Heat Nation Breakdown: Which Free Agents Should Miami Go After?


After the announcement took the sports world by storm Friday afternoon, Heat President Pat Riley sulked as he was left with the burden to mend the broken pieces left behind. But as was the case in 2010 when he helped bring together Miami’s “Big Three”, Riley has a knack for building a contender even when the chips are stacked against him. Moments after James announced his Decision 2.0 via an interview with Sports Illustrated, Chris Bosh agreed to re-sign with Miami for five years and $118 million. The Heat is likely to retain Udonis Haslem and Dwyane Wade, both of which have been with Miami their entire career.

Just a couple weeks ago, the Heat drafted point guard Shabazz Napier to help solidify its backcourt along with Norris Cole. Cole is sure to see a dramatic increase in his role and with Mario Chalmers a free agent, could even be the starting point guard from day one. Napier averaged 10.8 points over four games in the Orlando NBA Summer League but is struggling shooting the ball.

Last week, the Heat signed forwards Josh McRoberts and Danny Granger. Serious knee injuries have plagued Granger over the past few years and he is a shade of his old All-Star self. McRoberts game is similar to that of former Heat player Mike Miller; they even look alike. Last season, McRoberts averaged 8.5 points, 4.8 rebounds and 4.3 assists with the Charlotte team formally known as the Bobcats (now Hornets again) and shot 36.1 percent from behind the three point line. He will be able to stretch the floor and be one of the first players off of the bench, if not a starter.

So now what?

Well for starters, there are several long shots that can undoubtedly be crossed off.

Pau Gasol met with Miami prior to James’ departure and there was a mutual interest in joining the Heat. However, the veteran Spaniard is in the final stages of finalizing a deal to join the Chicago Bulls.

Greg Monroe is a coveted young center that has been linked to many teams and Miami has a tremendous need to add some size. However, Monroe is likely to resign with the Detroit Pistons for around 5 years $60 million.

Eric Bledsoe is a slashing point guard atop everyone’s list of free agent guards. He is a restricted free agent and any offer can be matched by the Phoenix Suns. However, Bledsoe is likely to cash in on a big contract that sources have confirmed the Suns will almost certainly match.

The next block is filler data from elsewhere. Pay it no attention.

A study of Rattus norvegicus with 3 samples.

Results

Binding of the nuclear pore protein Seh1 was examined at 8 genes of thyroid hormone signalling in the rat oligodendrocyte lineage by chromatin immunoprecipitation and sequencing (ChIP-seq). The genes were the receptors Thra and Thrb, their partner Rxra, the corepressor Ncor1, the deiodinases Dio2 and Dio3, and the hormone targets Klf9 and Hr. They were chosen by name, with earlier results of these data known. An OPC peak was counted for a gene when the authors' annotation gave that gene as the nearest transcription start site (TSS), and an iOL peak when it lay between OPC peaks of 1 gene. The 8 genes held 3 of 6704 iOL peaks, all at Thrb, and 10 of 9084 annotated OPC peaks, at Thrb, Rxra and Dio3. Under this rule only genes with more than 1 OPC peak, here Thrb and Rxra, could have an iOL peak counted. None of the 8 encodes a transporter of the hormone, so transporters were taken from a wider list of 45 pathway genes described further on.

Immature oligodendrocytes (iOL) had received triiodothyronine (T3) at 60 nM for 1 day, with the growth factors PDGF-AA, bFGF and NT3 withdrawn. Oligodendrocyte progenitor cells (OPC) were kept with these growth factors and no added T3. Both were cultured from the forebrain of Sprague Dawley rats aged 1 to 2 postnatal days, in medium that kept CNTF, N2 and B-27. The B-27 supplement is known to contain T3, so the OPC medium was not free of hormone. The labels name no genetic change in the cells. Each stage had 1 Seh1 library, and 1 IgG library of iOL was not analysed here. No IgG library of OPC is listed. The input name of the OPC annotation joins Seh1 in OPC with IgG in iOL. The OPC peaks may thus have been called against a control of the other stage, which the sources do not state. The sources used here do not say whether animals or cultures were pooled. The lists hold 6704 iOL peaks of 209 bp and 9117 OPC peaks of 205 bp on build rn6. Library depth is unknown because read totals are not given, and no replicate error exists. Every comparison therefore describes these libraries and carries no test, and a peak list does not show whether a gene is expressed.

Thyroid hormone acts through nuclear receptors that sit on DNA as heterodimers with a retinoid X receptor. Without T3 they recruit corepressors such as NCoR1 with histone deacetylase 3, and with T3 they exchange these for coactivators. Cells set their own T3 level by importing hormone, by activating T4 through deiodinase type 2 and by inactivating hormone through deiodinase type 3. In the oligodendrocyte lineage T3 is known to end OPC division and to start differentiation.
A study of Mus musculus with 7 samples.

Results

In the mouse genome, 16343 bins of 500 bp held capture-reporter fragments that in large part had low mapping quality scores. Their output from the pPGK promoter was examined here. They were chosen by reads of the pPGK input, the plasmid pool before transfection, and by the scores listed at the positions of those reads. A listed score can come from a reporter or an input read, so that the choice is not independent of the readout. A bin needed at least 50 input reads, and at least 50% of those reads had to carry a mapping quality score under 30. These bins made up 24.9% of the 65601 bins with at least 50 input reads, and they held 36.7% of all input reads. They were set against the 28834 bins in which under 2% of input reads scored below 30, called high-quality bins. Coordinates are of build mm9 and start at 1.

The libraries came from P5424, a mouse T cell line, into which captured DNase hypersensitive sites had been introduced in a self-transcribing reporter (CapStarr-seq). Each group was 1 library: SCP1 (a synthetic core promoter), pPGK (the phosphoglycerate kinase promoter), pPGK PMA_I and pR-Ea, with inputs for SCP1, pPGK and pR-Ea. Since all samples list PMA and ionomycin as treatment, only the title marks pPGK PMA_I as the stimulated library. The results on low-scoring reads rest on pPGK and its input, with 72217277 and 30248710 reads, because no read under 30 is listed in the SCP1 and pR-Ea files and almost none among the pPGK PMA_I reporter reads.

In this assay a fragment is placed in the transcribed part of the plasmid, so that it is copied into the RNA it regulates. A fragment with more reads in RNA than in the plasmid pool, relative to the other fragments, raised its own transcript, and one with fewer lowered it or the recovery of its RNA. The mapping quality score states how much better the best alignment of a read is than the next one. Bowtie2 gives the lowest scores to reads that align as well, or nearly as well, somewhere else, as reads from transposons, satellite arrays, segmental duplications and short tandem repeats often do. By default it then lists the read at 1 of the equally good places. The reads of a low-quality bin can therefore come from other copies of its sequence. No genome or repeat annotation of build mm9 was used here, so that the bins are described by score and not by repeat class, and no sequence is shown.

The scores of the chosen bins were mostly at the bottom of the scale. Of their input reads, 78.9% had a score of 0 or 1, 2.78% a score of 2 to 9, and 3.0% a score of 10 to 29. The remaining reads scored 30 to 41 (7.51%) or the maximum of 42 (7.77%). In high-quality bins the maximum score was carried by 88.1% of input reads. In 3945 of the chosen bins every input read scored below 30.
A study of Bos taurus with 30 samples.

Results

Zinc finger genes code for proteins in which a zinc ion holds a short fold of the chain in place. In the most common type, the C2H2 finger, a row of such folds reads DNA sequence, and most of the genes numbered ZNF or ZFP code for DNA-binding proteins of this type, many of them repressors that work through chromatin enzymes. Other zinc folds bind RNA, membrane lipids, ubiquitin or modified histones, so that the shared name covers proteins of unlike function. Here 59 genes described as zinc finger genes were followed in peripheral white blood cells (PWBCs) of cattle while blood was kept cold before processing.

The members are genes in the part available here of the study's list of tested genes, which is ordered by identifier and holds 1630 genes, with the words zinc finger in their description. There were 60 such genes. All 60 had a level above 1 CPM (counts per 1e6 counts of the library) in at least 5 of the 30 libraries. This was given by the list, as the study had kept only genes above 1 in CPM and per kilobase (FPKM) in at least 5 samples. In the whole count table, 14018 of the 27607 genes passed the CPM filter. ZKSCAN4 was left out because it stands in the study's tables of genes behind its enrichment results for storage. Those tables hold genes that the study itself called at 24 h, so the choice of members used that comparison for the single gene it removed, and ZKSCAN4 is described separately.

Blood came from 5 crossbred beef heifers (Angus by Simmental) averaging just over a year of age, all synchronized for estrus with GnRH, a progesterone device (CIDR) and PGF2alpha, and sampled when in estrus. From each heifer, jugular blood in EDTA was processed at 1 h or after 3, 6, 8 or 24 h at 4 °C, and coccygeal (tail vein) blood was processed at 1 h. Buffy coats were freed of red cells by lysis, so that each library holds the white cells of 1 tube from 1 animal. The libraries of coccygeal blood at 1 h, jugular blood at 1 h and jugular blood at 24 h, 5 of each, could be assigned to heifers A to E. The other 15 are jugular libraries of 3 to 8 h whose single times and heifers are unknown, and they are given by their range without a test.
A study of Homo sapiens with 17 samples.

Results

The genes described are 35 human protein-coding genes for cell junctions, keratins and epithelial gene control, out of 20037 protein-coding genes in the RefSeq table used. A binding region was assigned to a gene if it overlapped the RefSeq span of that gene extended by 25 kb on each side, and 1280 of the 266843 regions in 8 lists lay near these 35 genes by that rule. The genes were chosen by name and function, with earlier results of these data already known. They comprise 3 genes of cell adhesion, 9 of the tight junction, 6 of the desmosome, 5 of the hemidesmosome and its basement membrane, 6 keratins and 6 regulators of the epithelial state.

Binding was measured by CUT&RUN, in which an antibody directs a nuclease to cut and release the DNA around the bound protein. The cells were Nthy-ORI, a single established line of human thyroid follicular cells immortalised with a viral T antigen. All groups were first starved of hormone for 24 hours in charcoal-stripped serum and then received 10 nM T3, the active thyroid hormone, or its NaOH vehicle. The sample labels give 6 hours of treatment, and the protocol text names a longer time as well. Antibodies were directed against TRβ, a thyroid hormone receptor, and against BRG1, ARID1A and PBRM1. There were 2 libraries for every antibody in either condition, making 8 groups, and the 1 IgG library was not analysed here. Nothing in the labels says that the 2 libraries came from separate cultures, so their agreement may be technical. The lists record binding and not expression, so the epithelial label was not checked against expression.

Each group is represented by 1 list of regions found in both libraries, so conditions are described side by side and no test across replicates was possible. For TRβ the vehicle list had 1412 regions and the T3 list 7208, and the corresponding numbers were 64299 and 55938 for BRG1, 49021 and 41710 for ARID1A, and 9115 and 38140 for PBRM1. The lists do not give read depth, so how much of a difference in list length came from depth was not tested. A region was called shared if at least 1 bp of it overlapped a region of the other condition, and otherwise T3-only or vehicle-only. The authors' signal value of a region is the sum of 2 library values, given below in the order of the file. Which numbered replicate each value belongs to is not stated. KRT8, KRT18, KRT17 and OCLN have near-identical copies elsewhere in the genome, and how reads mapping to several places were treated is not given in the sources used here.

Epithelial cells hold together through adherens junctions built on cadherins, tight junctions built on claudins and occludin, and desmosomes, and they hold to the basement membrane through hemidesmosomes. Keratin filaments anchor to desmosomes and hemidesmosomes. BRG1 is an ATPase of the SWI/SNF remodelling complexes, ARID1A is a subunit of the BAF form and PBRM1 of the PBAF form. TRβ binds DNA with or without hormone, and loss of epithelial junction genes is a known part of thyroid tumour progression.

Which free agents Can Miami Sign then?

Can the Miami Heat Sign Free Agent Luol Deng

Riley has shifted his attention to Luol Deng to somehow replace James as the teams small forward. Deng is seeking a multi-year deal in excess of 12 million per year. Last season, Deng played for the Cavaliers, ironically, averaging 16.0 points and 5.7 rebounds per game. He would be a nice compliment to Miami’s “Big Two” of Wade and Bosh as he has the ability to thrive shooting the ball from deep and spreading the floor to create open lanes. Luol has already turned down the Atlanta Hawks offer of 3 years at $33 million as well as the Chicago Bulls offer of 3 years at $30 million. Deng is clearly chasing the money and with no state income tax and plenty of cap room, the Heat has a realistic shot at signing him.

Then there is fan favorite Chris “Birdman” Andersen. Andersen was a staple in Miami’s championship run last season but opted to test free agency. Andersen has drawn interest from the Dallas Mavericks as well as the Cleveland Cavaliers with the alluring possibility to reunite with James. Andersen, 36, has a year or two at best to in fact, do what he does best: give every ounce of energy he has on every possession, fight for rebounds and loose balls, and put back shots for around 15 minutes a game.

Another potential target for Miami is Lance Stephenson. With Ray Allen either retiring or following James to Cleveland per sources, the Heat have no shooting guard on the roster outside of Wade, who as we all saw last season, is not physically capable of playing in all 82 games of a regular season. Stephenson shined last season playing alongside Paul George, averaging 13.8 points, 7.2 rebounds and 4.6 assists. His rebounding efforts and numbers are tremendous for a shooting guard and would learn much under the tutelage of Wade. Stephenson, who will turn 24 in September, is a young building block that could be around for years to come, along with Bosh. After his well-documented psychological antics to agitate King James in the Eastern Conference Finals this past season, Stephenson at the least would make for a great story when he and the Heat square off against James and the Cavaliers next season in a turning of the tide.

There will also be more role players signed similar to Granger that will have little impact but will fill out the roster and soak up minutes such as Shawn Marion or Dejuan Blair.

With James gone, Heat fans can blast Gotye’s “Somebody That I Used to Know” song through their stereo speakers, but before divulging too far into an abyss, there is a legitimate chance Miami can add some pieces to the puzzle and still be the favorite to win the Southeast Division of the Eastern Conference. I mean it is still South Beach.